In December of 2017, President Trump signed into law the Tax Cuts and Jobs Act (TCJA).  TCJA brought many changes to the tax code for corporate and individual income taxes.  Among those changes were reductions to the Federal marginal income tax brackets ranging from 1-4% depending on the marginal bracket.  By law, these reductions are set to sunset (expire) at the end of 2025, unless Congress men and women vote to extend the TCJA or pass new tax legislation.

Extending the TCJA or passing new tax legislation that does not meaningfully increase taxes may be challenging for Congress regardless of pollical party affiliation.  Since the onset of the COVID pandemic in 2020, Congress has passed over $5 trillion across multiple stimulus packages.  In combination, the TCJA and the massive COVID stimulus has resulted in significant Federal budget deficits for the last 5 years, dwarfing the historical average.  From a planning perspective, at Culbreth Wealth Management we are assuming the TCJA expires and reverts to the previous marginal brackets before TCJA.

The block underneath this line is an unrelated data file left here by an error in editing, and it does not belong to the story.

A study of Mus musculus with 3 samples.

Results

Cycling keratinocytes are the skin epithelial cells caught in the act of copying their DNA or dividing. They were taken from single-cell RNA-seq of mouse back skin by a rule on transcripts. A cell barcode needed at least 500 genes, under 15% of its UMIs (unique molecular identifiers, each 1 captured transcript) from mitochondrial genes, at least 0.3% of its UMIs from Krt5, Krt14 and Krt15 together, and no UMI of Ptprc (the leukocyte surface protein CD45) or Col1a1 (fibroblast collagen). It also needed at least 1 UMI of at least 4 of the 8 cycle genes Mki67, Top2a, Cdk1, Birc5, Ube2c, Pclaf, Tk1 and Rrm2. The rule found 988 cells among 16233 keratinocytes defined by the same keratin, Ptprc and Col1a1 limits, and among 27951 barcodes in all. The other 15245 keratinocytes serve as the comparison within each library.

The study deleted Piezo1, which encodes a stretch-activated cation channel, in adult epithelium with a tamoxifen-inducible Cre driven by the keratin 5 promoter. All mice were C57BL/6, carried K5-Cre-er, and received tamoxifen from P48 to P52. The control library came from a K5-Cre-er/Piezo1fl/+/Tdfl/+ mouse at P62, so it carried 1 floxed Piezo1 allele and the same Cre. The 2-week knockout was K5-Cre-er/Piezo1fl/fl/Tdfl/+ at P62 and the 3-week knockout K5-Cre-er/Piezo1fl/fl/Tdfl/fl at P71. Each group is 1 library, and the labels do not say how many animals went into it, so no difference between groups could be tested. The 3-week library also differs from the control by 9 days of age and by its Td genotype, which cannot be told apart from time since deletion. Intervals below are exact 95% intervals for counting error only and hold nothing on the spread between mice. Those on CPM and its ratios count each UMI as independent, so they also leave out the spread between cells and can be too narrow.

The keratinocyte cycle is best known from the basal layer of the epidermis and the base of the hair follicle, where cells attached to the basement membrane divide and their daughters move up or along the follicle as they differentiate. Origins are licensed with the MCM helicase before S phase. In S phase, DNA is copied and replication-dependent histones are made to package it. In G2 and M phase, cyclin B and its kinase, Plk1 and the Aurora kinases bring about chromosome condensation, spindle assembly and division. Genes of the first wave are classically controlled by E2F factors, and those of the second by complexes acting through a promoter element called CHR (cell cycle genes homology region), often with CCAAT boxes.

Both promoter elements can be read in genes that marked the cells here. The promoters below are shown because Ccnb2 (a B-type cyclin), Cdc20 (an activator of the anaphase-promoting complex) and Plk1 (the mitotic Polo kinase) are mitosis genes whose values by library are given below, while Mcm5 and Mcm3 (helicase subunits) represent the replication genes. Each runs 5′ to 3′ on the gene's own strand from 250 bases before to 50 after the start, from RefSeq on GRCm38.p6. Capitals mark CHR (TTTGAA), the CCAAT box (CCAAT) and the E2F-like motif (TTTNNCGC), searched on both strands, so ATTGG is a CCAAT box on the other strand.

For investors with pre-tax retirement savings, this presents an opportunity to maximize the marginal tax brackets for tax years 2024 and 2025, while the TCJA is still in effect.  To do this, an individual or married couple can implement ROTH conversions to the top of their highest marginal bracket to lock in the favorable tax rates.  A ROTH conversion is where you convert pre-tax IRA or 401K dollars into after-tax tax-free ROTH dollars.

If the tax planning is completed early in the year, to determine the amount of room remaining in the desired tax bracket, you can then be strategic in the timing of the ROTH conversion.  To further maximize the impact, you can execute the conversion during a market correction, but you will need to know the amount to convert in advance.

To discuss this or any other financial planning related topic please reach out to schedule an initial consultation at no cost at

Culbreth Wealth Management is a state registered investment advisor.  Information and statements made here are not intended to create, and receipt does not constitute, a client relationship.  There are risks inherent in investing, including the potential loss of principal.